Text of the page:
On 26th September, the World Day of Migrants and Refugees, Bishop Paul McAleenan celebrated the annual International Mass at Westminster Cathedral. Bishop Paul was joined at the celebration by representatives from the ethnic chaplaincies and international communities of the Diocese of Westminster.
The members of the congregation took an active role in the liturgy. The first reading was read by a member of the Congolese community and the second reading by a member of the German community. The bidding prayers were led by representatives from the Chinese, Croatian, Lithuanian, Hungarian and Zambian communities in London. Prayers were given for the ethnic chaplains and their communities in the Diocese of Westminster, for those in all countries working to overcome the pandemic, for those without faith or hope, and for the sick and suffering. The offertory procession was presented by the Nigerian community. The Communion music was sung my members of the Sri Lankan (Tamil) community.
In his homily, Bishop Paul spoke about the Gospel story and the theme of belonging:
‘John said to Jesus, “Master we saw a man who is not one of us”’, the opening words of the Gospel today. Words which reveal that John, even though he is the Beloved Disciple, had still some progress to make in understanding the mind of Jesus for whom there was no them and us.
‘We pray that the Holy Spirit of God will continue to deepen our sense of belonging to each other, that we will not be tempted to say ‘he/she is not one of us’. Our eyes and ears will see and hear how God has enriched each nation; may our hearts also be touched and moved, taken beyond sight and sound to accept each member of the family of God.’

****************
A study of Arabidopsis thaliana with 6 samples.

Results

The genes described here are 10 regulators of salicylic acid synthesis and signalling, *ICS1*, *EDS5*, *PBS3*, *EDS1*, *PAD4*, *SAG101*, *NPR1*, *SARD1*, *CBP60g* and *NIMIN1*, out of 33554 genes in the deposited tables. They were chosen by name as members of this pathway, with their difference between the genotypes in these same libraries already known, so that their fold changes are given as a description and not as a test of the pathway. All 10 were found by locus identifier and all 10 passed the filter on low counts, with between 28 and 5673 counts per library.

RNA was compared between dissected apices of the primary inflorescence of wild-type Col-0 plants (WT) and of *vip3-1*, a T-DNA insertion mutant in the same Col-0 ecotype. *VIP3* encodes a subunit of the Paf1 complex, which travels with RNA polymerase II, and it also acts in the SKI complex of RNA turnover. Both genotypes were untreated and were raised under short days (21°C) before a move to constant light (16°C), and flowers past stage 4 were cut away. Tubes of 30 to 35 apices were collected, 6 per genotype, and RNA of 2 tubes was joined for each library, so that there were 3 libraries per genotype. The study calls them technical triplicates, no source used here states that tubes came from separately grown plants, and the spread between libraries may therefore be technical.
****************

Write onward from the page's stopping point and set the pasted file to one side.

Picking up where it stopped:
Bishop Paul identified in the Gospel a welcoming attitude towards migrants and refugees:
‘Today, as well our own local celebration, is the World Day of Migrants and Refugees, the 107th in fact. The movement and displacement of people is not something new. We can think of that cup of cold water of which Jesus speaks about in the Gospel, how many migrants and refugees would welcome one today. The cup of cold water represents a welcoming attitude, compassion and concern for those who have nothing but a desire to seek a better life.’
Bishop Paul reminded the congregation of the teachings of Pope Francis:
‘In his writings, Pope Francis mentions the principle “the whole is greater than the parts”. Then he continues by explaining that it is the sum of the whole which is greater than the parts. Each part, each community, each people is unique and important in itself but it is when all the parts are brought together and converge that the true beauty of each part is revealed. Keeping their own identity, they manifest the richness and goodness of the whole. So it is with the One Church, with its vast variety of culture and gifts.’
Finally, Bishop Paul highlighted the contribution that migrant and refugee communities make in their new homes:
‘Those who leave their homeland and settle elsewhere do not arrive empty-handed, they bring their gifts and contribute to their new society. It is worth reading the letter which the prophet Jeremiah wrote to the Hebrews who were exiled in Babylon. He wrote to them saying, settle down, build houses, plant gardens, get married, have children, pray for the prosperity of the country, for on its welfare depends your own.
‘We know that that is precisely what so many migrant communities have done, including in this country, contributing vastly to its progress and development. We welcome them.
‘Here, at this Mass, we see the contribution of so many communities to this diocese. We pray that we will strive to live and work together, supporting each other, giving witness to unity and displaying the wonderful talents God has given to his people. Collectively, may all us of in the words of Pope Francis have, “a heart open to the world”. That is, be willing to make room for others, including migrants and refugees who hope to find a home among us.’
The full text of Bishop Paul's homily is available here.
Photos from the celebration are available here.